Canadian Cancer Society congratulates Oakville in leading the fight against skin cancer: City passes Ontario’s first by-law to protect youth against the dangers of indoor tanning

14 August 2012


Late yesterday,Oakville Town Council took decisive action to protect the health of its youngest citizens by passing a by-law that restricts youth under 18 from accessing indoor tanning facilities.

The ultraviolet radiation emitted by tanning beds has been proven to cause cancer. Recently, an expert review of current evidence published in the British Medical Journal showed that people who first started using indoor tanning equipment before the age of 35 have an 87 per cent increased risk of melanoma skin cancer. Melanoma is also one of the most deadly forms of cancer and most common amongst people ages 15 to 29.

On August 8, Canadian Cancer Society volunteer and long-time Oakville resident, Joan Gibb appeared before town council to highlight the importance of the issue. Last night, she was present in the council chamber as the by-law was passed. “Throughout the years, Oakville has been a leader in cancer prevention through its work in the areas of tobacco control and cosmetic pesticides,” says Gibb. “It’s inspiring to see my community continue to show leadership in addressing important cancer-related issues” she adds.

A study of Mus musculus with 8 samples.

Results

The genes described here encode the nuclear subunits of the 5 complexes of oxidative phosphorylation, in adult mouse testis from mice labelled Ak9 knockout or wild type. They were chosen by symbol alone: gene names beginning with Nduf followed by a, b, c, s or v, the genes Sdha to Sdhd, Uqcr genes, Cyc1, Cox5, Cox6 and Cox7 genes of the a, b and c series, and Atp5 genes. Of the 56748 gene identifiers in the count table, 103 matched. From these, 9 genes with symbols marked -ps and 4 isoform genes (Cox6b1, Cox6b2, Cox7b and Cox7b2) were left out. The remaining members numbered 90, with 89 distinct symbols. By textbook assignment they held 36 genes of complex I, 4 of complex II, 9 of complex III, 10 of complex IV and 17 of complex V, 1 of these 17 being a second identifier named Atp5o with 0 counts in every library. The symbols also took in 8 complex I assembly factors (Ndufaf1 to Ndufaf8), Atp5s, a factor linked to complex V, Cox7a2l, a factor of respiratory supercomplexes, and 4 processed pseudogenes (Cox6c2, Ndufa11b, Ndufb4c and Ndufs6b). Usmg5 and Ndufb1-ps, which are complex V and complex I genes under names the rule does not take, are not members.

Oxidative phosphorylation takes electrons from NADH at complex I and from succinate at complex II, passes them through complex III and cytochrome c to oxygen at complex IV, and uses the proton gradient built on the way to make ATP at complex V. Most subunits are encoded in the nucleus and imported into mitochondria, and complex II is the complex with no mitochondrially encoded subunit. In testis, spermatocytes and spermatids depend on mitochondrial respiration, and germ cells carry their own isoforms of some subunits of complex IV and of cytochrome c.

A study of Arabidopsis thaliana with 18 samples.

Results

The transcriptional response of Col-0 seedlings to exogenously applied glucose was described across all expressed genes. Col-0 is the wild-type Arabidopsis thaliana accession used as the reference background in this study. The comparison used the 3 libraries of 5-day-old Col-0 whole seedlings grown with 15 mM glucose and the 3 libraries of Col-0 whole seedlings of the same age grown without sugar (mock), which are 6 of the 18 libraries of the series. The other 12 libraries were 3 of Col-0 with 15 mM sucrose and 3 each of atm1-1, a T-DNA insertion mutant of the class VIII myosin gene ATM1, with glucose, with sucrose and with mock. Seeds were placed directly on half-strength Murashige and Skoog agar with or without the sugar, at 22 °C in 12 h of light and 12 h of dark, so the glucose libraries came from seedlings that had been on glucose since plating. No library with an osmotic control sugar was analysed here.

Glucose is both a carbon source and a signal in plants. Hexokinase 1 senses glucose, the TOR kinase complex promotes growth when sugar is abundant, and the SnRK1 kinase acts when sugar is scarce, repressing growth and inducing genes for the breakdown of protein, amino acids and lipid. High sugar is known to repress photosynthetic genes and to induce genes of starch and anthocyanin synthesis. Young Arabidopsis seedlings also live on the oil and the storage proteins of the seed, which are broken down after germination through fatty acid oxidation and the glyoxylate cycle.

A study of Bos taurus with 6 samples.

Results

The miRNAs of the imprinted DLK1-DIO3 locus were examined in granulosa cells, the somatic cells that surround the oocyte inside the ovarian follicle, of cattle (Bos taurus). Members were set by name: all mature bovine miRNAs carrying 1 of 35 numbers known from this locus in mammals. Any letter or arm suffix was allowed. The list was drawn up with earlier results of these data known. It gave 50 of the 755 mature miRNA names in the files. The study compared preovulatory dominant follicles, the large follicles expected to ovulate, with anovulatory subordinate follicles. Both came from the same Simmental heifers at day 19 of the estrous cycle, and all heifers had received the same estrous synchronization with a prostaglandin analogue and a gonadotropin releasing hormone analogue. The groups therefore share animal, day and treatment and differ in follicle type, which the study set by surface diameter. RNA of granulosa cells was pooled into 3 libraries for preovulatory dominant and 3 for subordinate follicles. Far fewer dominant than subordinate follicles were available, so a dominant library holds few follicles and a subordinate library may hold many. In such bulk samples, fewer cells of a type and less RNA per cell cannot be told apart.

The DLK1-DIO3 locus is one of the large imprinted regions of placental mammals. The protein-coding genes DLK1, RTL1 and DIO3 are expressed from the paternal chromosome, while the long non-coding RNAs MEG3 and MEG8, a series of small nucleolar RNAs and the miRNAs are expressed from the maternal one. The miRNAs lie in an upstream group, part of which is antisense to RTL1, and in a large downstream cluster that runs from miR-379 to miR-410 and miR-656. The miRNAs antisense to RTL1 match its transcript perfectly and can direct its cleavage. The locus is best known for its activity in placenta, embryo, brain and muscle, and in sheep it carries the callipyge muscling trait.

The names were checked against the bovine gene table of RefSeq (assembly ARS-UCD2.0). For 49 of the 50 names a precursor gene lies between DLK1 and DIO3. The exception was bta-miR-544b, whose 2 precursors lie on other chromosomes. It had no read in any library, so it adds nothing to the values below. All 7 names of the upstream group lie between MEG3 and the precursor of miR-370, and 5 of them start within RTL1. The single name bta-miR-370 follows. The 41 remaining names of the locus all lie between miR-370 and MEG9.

Oakville is the first city in Ontario to join a growing list of Canadian municipalities and provincial governments such as the Capital Regional District in British Columbia, Nova Scotia and Quebec who have taken action to regulate the tanning industry. Last year, a poll commissioned by the Canadian Cancer Society indicated that 83 per cent of Ontarians would support provincial government legislation that bans youth from using indoor tanning equipment.

“Oakville has shown its commitment to the fight against cancer by passing the first indoor tanning by-law in Ontario. Regulating the indoor tanning industry will save lives and help reverse the rising cost of skin cancer on an already exhausted healthcare system,” says Florentina Stancu-Soare, Public Issues Senior Coordinator for the Canadian Cancer Society in Ontario. “We hope this decision will lay the groundwork for other jurisdictions to follow suit,” adds Stancu-Soare.

The Society is calling for the Government of Ontario to support Private Member’s bill, Bill 74 – The Skin Cancer Prevention Act, that restricts youth under 18 years of age from using indoor tanning equipment. People can send a letter to their MPP by visiting or join the conversation on Twitter via #tanbedban.